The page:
The Chief Executive of Bank of Ireland has apologised unreservedly to customers affected by the tracker mortgage scandal.

Francesca McDonagh told the Oireachtas Finance Committee that when she took up the role of CEO last October, she gave a personal commitment to deal with the issue as quickly and comprehensively as possible.

Ms McDonagh told the committee tonight that the tracker mortgage issue is at the top of her priority list.

"Quite simply, I believe Bank of Ireland took too long to get to the right position, and didn't go far enough in putting the customer first", she said.

In her opening statement, Ms McDonagh said the bank identified 9,400 affected customers who fall into two groups that were either denied a tracker mortgage or put on an incorrect rate.

She said that as of Wednesday 24 January, the bank had provided redress and compensation to over 5,000 customers and more than €68 million has been paid.

She expressed regret that the bank added to difficulties to customers, some of whom were already going through a challenging time.

Ms McDonagh said a clear emphasis had been put in place on the legal interpretation of the bank's mortgage cases.

Therefore, she said in November 2017, Bank of Ireland included bringing an additional 6,000 into the compensation and redress scheme.

"There's been a concerted effort to address it for all customers and stake holders," she said.

Sinn Féin's finance spokesperson Pearse Doherty asked Ms McDonagh if she was of the view that what the bank did was legal.

Ms McDonagh said that in some cases there were not sufficient clarity or in the terms and conditions whether they would get a tracker or not.

She noted that in September 2016, it was very black and white, they were not given the entitlement to a tracker.

In other cases she said there were discussions with the Central Bank whether from a customer perspective as to whether they should be given redress or compensation.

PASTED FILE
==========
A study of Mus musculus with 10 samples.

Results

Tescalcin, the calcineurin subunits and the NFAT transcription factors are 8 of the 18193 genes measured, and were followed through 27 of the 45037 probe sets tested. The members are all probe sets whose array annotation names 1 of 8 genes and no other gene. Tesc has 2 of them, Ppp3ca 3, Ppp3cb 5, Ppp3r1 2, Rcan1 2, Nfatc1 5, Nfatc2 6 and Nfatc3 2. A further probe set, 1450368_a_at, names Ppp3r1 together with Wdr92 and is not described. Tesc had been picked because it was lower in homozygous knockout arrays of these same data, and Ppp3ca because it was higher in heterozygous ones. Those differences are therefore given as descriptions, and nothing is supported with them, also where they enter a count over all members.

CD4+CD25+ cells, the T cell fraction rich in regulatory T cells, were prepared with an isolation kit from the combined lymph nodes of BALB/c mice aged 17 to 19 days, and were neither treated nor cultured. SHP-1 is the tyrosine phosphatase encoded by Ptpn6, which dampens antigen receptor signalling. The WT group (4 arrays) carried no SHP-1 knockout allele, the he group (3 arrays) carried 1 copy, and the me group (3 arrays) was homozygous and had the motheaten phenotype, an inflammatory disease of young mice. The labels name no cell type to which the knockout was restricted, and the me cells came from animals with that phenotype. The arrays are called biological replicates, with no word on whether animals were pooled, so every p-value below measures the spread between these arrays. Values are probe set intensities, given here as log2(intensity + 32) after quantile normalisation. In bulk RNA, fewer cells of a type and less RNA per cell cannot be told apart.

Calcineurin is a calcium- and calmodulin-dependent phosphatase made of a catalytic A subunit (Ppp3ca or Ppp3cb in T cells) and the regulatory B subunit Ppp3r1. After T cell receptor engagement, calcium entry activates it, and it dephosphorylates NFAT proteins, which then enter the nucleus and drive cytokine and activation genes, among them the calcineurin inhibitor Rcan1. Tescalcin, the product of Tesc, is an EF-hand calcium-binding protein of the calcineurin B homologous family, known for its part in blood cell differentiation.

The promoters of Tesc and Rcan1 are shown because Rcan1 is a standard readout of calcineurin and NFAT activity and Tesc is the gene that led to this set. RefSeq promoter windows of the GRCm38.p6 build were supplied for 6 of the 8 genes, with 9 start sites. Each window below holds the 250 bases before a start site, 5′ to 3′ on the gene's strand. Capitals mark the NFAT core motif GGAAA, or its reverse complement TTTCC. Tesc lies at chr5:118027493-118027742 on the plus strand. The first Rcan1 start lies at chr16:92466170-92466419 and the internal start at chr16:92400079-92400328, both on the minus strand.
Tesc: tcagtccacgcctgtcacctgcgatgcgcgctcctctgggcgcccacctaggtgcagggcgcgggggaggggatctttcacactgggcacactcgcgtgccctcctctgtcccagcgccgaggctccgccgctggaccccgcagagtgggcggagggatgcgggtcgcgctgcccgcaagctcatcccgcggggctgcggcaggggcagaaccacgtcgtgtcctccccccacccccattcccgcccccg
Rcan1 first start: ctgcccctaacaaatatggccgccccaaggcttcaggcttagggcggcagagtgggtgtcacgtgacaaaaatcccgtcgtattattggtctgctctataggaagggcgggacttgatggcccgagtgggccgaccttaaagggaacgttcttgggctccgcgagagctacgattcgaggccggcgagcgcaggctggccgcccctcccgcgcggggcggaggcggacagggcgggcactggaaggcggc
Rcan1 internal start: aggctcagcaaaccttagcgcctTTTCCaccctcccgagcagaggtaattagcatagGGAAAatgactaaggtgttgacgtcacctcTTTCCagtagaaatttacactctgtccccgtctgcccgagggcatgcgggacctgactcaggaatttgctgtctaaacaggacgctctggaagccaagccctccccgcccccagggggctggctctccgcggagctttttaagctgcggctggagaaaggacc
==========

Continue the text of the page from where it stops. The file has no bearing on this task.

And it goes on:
Bank of Ireland's CEO said her conclusion was that while the voice of the customer had been included in some of the analysis they did, she felt it had not gone far enough, which is why an additional 6,000 customers were included into the scheme.

Mr Doherty asked if she was informed of how these customers were affected and who was responsible. He questioned if there were targets and bonuses for staff.

Ms McDonagh said in October 2008, the tracker mortgage product was discontinued for customers as it was not profitable in putting new customers on it.

She said from 2008 on, customers who had previously been on a fixed rate, had a contractual right to a tracker and 20,000 of them rolled into a tracker - which was not consistent.

6,000 customers did not get their entitlement to a tracker and she saw no indication of intent or desire to do it.

Fianna Fáil's finance spokesman Michael McGrath sought clarity around the number of people included in Bank of Ireland's redress and compensation scheme.

Ms McDonagh said when the examination started, 5,090 customers identified were not given a contractual right to a tracker mortgage.

She said that in 2016 and 2017, there was a discussion around adding a further 6,000 customers to that.

Later, Ms McDonagh said from the work she saw in her new role, there was no intent to charge incorrectly and no money was taken from a customer’s account.

Responding to Sinn Féin Senator Rose Conway Walsh she said the bank's review is expected to be complete by the first quarter of this year.

Among the matters she has deduced from the review is that terms, conditions and transparency could be clearer.